What you need to know:
- According to the Judicial Service Commission (JSC), the agency that recruits, remunerates and disciplines judicial officials, up to 71 grade one magistrate and 13 chief magistrate positions are up for grabs.
The government is seeking to recruit 122 senior judicial officers, among them 11 judges and 27 registrars, deputies and assistants, to bolster capacity for fast-tracking justice administration countrywide.
According to the Judicial Service Commission (JSC), the agency that recruits, remunerates and disciplines judicial officials, up to 71 grade one magistrate and 13 chief magistrate positions are up for grabs.
The successful individuals will first serve on a one or two-year contract, according to JSC, mirroring probationary recruitment of judicial officers reintroduced with President Museveni’s May appointment of 16 High Court judges on an initial two-year contract.
This planned enlistment of 11 new High Court judges will increase their numbers to 83, closing the manpower gap in line with Chief Justice Alfonse Owiny-Dollo’s priority to extend judicial services nearer to the people through establishment of additional court circuits.
High courts, for instance, try capital offences, and insiders say a higher number of judges on the lower bench presents opportunity for accelerated clearance of related case backlog blamed for inmates’ crowding in prisons.
“We are excited to see the number of vacancies advertised, this will help dispense quick justice, and we all know justice delayed is justice denied. However, we still have a way to go and still need more judicial officers, especially staff in the High Court,” Mr Martin Asingwire, the Uganda Law Society (ULS) vice president, said.
While pitching for additional staffing in especially the High Courts, Mr Asingwire added: “We also need to increase efficiency, especially through the recent developments in ICT like the Electronic Court Case Management Information System .”
The Judiciary spokesperson, Mr Jameson Karemani, welcomed the planned recruitment as timely for improving citizens’ access to justice.
“This is a big boost for the Judiciary. It improves access to justice for Ugandans and definitely will see the backlog drastically reduce. We are on the right track,” he said.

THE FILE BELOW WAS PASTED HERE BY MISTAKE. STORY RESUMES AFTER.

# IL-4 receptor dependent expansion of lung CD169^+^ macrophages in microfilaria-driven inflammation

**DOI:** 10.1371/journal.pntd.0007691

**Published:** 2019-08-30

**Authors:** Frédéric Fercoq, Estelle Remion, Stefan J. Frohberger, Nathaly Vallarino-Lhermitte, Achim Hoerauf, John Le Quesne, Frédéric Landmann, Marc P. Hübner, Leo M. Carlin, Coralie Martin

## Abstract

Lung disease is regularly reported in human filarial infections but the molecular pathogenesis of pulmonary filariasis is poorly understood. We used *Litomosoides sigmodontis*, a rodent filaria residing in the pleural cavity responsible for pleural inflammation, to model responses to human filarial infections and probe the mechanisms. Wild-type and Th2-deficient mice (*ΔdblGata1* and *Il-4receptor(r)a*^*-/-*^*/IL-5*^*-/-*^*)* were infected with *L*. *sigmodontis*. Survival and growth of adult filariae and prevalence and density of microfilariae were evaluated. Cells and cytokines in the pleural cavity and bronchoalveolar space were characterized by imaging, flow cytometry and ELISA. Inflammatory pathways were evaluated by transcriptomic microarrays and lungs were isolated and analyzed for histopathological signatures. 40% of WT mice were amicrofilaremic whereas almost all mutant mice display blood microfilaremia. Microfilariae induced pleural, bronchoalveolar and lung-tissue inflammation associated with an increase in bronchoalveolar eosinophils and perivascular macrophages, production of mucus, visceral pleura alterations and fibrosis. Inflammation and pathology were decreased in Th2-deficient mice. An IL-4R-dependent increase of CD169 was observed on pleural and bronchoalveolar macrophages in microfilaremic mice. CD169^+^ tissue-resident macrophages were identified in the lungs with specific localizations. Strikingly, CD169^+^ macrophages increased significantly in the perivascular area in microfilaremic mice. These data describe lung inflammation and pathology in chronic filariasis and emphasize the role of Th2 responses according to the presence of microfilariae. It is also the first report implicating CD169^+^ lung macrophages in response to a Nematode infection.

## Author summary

According to Ms Sarah Langa, the chief registrar, the increasing number of judicial officers places the Judiciary on course to achieve its target of establishing a Court of Appeal in each region, more High Court circuits, a Chief Magistrate’s Court in every district and a Grade One Magistrate’s Court in every constituency.
“[This is] all in a continuous effort to reduce backlog,” she said.
Highly-placed sources told this newspaper that the Judiciary has accelerated recruitments in line with Chief Justice Owiny-Dollo’s vision to take portals for justice access to the last mile.
Under his administration, the number of Supreme Court justices has doubled to 20, there are now 55 judges at Court of Appeal up from 14, while High Court judges will, following the new recruitments, number 83.
This will still be lower than the 150 judges that the Judiciary Council has recommended.
Targeted judicial officials
According to the council blueprint, the number of chief magistrates and grade one magistrates in the country should increase from 100 to 160 and from 386 to 514, respectively, but there is no timeline to the target. The Judiciary currently has 72 judges, 77 chief magistrates and 301 grade one magistrates --- the highest ever in the country’s history. In comments made last year, Chief Justice Owiny-Dollo said a case would be disposed of within a year if each district had a magistrate.